An SC Labs technician examines samples of cannabis for harmful pesticides. The cannabis industry is facing strict regulations following its legalization in California. Photos by Alonso Hernandez

Chemical pesticide used in conventional agriculture has been the norm for decades. It’s why people wash their fruits and vegetables before eating them or choose to buy organic produce. What many consumers don’t realize is these very same pesticides are likely present in cannabis, and the cannabis industry hasn’t been subject to stringent regulations like those governing food.

A large amount of cannabis consumed in California, from both the legal and black markets, is tainted with pesticides that have not been adequately tested for consumer safety. Its effects have not been studied when altered in ways other than ingestion, such as combustion or vaporization.

“If I had to guess, 85 to 90 percent of the cannabis in California is contaminated with a chemical called myclobutanil,” said CannaCruz dispensary CEO Grant Palmer. “It’s in almost all cannabis in California and no one is required to pesticide test.”

Myclobutanil, known commercially as Eagle 20, is a pesticide common in conventional agriculture. It’s used often in California’s wine and table grape crops, accounting for 30 percent of all myclobutanil usage in the U.S. The Environmental Protection Agency does not, however, approve it for use on tobacco, the only federally legal crop consumed via inhalation.

The National Institute of Health cautions that myclobutanil breaks down into toxic and corrosive gases when exposed to heat. These gases include the gaseous form of hydrochloric acid, an extremely corrosive substance capable of causing immediate tissue damage on contact, and hydrogen cyanide (HCN). HCN is better known as Zyklon B, the infamous gas used in the death camps of Nazi Germany.

In the cannabis industry, myclobutanil is used as a fungicide to prevent powdery mildew. While powdery mildew lowers the commercial value of a cannabis crop, it’s not hazardous to consumers.

“The cure is worse than the disease,” Palmer said. “Powdery mildew is not going to hurt you. Hydrogen cyanide, probably.”

Despite these hazards of applying general-use pesticides to cannabis, there are no state or federal regulations limiting cannabis pesticide use. Even if there were, there is currently no mandate to test for them before sale in dispensaries.

Extremely sensitive machines can detect even the smallest traces of pesticides in cannabis.

Cannabinoid, or potency, testing is common within the cannabis industry despite being optional. Product safety, however, isn’t necessarily one of the qualities being tested, said Science of Cannabis Laboratories (SC Labs) co-founder and director of client relations Alec Dixon.

“Over the last seven and a half years that we’ve been doing testing, predominantly people have been testing for cannabinoid content,” Dixon said. “That was the first test that people started to access that had intrinsic marketing value behind it.”

SC Labs is a cannabis testing lab that offers a full range of testing services to cannabis businesses in Santa Cruz County. While cannabinoid testing has historically been its most requested service, Dixon said, demand for pesticide testing is slowly rising. He attributed the increase to a greater awareness fostered by similar issues in Colorado’s cannabis industry being brought to light after legalization.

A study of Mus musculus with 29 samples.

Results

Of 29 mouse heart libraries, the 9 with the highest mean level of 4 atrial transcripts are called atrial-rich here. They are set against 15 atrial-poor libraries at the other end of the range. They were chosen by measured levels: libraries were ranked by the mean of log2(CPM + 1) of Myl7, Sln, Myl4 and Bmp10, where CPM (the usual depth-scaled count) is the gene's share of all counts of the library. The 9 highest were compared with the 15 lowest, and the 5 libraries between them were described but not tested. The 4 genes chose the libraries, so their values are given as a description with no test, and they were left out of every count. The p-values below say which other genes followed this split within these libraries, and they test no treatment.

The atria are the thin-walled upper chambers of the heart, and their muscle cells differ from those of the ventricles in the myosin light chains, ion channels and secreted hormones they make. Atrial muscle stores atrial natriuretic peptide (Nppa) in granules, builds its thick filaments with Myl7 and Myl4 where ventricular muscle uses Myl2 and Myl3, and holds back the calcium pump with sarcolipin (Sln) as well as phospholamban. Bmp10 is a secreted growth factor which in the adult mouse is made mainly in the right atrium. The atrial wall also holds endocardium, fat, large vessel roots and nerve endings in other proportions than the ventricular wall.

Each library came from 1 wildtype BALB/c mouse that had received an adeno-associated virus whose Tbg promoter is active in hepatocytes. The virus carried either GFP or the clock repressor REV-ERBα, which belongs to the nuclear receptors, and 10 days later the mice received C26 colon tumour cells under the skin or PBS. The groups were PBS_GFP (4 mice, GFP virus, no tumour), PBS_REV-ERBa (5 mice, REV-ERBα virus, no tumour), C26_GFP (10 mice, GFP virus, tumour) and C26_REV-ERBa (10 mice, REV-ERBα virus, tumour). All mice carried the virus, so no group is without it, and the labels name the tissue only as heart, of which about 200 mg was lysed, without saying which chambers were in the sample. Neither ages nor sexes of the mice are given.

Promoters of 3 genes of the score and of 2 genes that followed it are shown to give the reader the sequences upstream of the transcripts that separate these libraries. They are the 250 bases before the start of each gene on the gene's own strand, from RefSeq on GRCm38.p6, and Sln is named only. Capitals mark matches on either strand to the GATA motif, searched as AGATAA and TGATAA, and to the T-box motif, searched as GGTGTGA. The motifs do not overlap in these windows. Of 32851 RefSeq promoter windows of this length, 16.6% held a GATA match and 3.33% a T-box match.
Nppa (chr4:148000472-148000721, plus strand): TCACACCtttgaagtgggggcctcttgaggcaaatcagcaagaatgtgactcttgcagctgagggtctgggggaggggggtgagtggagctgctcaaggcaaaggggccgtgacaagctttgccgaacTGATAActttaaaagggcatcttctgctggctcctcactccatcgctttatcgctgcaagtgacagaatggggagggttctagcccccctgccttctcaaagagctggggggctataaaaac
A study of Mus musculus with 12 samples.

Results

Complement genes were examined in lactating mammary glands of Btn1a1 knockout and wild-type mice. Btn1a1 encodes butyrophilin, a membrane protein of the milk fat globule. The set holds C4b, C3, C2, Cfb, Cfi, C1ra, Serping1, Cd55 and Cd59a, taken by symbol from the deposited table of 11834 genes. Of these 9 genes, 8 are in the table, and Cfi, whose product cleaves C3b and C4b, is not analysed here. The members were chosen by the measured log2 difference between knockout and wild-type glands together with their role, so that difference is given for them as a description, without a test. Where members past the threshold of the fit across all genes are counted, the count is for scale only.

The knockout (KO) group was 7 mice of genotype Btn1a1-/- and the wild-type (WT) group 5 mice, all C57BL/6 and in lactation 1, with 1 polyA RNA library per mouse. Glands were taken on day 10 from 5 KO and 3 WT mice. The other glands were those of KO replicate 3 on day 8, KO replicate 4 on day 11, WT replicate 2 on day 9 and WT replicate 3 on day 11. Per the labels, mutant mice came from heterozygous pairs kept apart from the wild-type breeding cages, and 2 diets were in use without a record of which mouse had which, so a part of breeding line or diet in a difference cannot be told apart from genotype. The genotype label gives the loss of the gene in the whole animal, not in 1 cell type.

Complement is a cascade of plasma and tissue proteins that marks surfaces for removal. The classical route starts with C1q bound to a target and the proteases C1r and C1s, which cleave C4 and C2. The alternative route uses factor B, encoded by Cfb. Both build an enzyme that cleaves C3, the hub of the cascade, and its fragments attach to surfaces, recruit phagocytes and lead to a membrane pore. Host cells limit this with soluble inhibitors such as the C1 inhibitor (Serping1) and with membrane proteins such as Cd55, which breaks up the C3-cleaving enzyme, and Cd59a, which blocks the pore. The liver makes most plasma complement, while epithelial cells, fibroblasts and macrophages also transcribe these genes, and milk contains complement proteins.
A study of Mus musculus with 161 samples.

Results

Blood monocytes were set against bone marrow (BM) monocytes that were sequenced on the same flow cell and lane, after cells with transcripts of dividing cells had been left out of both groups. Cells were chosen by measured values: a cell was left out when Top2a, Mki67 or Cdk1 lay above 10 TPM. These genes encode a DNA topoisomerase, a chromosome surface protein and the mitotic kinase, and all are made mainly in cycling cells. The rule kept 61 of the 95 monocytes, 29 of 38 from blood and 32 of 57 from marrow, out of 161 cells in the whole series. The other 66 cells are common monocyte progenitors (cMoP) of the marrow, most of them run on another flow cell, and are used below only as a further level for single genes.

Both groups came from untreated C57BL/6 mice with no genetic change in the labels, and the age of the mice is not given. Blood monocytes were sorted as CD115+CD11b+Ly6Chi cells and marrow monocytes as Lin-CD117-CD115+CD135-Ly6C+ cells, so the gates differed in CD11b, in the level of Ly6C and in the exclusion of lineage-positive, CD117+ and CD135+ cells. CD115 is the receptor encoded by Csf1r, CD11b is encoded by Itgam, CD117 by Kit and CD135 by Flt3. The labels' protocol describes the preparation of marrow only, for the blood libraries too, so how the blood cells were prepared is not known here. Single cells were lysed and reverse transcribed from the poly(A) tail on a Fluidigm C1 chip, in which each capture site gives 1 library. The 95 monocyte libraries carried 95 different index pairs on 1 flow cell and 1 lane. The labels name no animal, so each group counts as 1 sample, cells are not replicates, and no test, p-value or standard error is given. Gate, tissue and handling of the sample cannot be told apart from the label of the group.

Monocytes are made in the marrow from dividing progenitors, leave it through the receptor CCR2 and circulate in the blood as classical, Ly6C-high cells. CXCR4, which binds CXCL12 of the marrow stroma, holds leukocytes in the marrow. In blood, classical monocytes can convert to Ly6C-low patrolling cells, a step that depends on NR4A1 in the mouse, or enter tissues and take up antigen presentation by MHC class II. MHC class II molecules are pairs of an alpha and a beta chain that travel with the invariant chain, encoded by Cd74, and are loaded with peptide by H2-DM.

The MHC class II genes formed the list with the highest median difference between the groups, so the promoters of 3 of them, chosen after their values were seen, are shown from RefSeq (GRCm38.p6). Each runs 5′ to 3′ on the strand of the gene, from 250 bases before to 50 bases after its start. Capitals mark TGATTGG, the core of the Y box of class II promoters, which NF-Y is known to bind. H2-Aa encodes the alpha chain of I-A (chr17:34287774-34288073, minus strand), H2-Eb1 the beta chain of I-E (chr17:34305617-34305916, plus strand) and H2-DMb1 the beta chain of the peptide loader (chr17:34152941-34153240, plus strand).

While the use of unsafe pesticides in cannabis cultivation is widespread, it’s likely due to ignorance rather than malice,said Pat Malo,a cannabis cultivator in Santa Cruz County and co- founder of Green Trade Santa Cruz, a coalition of local cannabis businesses.

“Since this has been a greatly unregulated industry for the past 20 years […] people have been using whatever works, whatever is available,” he said. “The availability of those products for other crops inevitably went into the cannabis industry.”

However, not all cannabis growers use chemical pesticides and nutrients. There are dozens of successful organic farms throughout the state. Malo said ignorance about the dangers of chemical pesticide use in cannabis can be traced to the plant’s ambiguous legality. Proposition 64, which takes full effect next month, requires all cannabis products to be tested by an independent laboratory before being put on the market. The maximum allowable levels of contamination will be have at a maximum of about 100 parts per billion, nearly 1000 percent lower than levels currently allowed in produce like grapes.

Many in the cannabis industry hope the new regulations will force growers who have not done so already to adopt more sustainable, chemical-free cultivation techniques.

SC Labs co-founder Alec Dixon believes the regulations will eventually generate a greater shift in public awareness of harmful mainstream agricultural practices.

“All the cultivation that’s being licensed is being pushed to big agriculture areas […] where Driscoll’s [and] all these big companies are spraying pesticides out of helicopters,” Dixon said. “There’s a very real understanding of drift and residual environmental contamination. […] This plant and the regulations around this plant are going to uproot a lot of the dirty secrets and dirty realities about the greater agricultural industry.”